A new survey commissioned by AT&T found that teenagers feel pressure to quickly respond to text messages -- and adults are also setting a poor example by texting while driving themselves.
On average, teens text five times more a day than a typical adult. When this habit hits the road, drivers who text are 23 times more likely to be in an accident or near-accident.
The survey also found that 61 percent of teens say they glance at their phone while driving, and 61 percent have seen their friends read or send an email, or text, while driving.
Hispanic teens (54 percent) are more likely to admit to the practice of texting while driving than Caucasian (41 percent) and African-American (42 percent) teens. Hispanic teens (52 percent) also are more likely to report seeing their parents text while driving, compared to 38 percent of Caucasian teens and 44 percent of African-American teens who reported seeing their parents text while driving.
"Our survey also evaluated teen opinions of drinking and driving compared to texting while driving," said AT&T Director of Consumer Safety & Education, Andrea Brands. "While we're happy to report that 60 percent of them understand texting while driving is as dangerous as drinking and driving, there's still work to be done to make this behavior just as socially unacceptable.
"These findings help foster even more dialogue on the issue with teens and parents -- and we hope the tools we offer like our mobile application, documentary and educational toolkit help in driving home the message that absolutely no text is worth risking a life," Brands said.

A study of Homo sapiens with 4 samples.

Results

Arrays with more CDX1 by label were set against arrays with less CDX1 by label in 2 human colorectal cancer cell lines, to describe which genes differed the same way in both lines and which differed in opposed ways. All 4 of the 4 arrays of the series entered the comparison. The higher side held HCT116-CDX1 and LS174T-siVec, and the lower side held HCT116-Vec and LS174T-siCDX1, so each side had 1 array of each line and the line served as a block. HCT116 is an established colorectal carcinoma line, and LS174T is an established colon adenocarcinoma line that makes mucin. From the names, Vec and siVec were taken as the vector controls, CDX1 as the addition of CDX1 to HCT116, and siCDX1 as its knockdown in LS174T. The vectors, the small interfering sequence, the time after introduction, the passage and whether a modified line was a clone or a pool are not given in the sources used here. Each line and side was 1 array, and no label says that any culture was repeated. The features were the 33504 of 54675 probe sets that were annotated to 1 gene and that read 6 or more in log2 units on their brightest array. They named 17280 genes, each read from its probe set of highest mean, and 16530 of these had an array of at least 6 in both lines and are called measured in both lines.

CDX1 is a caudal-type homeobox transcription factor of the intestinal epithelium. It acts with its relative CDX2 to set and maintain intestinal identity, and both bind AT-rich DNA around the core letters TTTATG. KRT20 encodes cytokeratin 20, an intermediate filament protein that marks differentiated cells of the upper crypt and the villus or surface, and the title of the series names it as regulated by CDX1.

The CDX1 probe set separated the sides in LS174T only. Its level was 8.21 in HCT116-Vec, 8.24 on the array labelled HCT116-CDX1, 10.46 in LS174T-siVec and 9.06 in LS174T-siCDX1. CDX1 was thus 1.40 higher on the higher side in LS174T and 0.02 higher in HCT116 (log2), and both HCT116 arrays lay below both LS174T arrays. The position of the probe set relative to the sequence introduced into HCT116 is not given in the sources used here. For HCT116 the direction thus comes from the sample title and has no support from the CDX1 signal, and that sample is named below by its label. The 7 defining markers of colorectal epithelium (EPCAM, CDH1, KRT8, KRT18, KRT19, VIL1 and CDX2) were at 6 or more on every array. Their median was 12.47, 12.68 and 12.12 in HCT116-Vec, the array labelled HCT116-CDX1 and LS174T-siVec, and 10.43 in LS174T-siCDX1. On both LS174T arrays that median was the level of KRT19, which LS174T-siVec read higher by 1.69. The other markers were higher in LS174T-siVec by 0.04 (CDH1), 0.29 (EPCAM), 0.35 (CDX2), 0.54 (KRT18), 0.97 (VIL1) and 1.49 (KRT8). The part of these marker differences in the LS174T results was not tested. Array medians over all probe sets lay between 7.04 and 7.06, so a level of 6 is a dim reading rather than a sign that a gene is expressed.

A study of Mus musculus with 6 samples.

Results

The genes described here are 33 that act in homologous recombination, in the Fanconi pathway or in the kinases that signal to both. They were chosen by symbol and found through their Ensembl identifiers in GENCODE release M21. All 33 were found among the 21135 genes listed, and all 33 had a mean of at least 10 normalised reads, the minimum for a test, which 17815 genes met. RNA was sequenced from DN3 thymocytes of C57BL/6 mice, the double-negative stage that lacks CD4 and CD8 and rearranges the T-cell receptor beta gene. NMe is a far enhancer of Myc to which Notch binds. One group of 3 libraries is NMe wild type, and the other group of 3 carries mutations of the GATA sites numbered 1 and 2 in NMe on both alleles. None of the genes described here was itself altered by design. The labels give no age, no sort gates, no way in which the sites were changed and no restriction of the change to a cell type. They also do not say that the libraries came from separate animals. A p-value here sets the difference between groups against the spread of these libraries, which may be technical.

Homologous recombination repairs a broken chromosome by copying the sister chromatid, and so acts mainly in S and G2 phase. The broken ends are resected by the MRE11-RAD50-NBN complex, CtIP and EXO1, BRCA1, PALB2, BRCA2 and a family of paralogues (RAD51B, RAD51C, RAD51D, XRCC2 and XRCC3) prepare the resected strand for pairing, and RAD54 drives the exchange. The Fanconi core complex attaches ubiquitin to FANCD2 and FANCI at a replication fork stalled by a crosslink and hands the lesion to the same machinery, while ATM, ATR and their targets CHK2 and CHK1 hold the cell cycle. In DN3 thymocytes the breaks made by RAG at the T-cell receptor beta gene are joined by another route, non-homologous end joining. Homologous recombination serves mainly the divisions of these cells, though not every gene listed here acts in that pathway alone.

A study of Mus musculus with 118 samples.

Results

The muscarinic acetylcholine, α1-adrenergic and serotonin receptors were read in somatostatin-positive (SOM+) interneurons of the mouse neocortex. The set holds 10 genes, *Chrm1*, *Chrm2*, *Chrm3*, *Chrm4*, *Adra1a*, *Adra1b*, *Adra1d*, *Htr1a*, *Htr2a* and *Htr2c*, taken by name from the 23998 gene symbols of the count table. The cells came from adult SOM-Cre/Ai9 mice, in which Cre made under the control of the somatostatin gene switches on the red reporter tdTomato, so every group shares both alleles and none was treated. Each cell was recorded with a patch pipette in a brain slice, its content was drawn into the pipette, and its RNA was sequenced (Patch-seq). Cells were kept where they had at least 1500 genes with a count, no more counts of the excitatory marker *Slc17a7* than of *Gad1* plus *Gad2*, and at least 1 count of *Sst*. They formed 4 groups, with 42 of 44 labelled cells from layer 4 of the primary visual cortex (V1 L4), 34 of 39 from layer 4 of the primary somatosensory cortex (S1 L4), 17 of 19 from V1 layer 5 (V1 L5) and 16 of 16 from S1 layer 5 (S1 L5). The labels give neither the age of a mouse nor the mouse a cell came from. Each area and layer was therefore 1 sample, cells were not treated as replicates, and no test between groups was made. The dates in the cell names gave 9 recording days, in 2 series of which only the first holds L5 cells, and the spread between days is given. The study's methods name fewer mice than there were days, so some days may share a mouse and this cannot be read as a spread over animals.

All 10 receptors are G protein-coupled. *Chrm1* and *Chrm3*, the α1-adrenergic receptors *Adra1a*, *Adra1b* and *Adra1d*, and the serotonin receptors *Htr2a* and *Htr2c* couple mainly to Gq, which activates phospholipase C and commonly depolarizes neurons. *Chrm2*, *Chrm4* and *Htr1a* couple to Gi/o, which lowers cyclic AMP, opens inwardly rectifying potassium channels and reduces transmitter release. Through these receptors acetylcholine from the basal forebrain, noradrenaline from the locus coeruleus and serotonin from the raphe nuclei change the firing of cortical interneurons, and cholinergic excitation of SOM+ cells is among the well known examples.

To help address the issue and show first-hand the risks of texting while driving, AT&T is launching a 30-market U.S. tour of a texting-while-driving simulator, offered by The Peers Foundation. The simulator is a computerized car that lets users virtually text and drive -- providing a realistic but safe experience for teens to understand the dangers of texting behind the wheel.
"As we head into Global Youth Traffic Safety Month this May, we're proud to join forces with AT&T," said Sandra Spavone, executive director, National Organizations for Youth Safety. "Our combined efforts provide an opportunity to educate young drivers across the nation on the dangers of texting while driving and pave the way for a happy, safe summer on the road."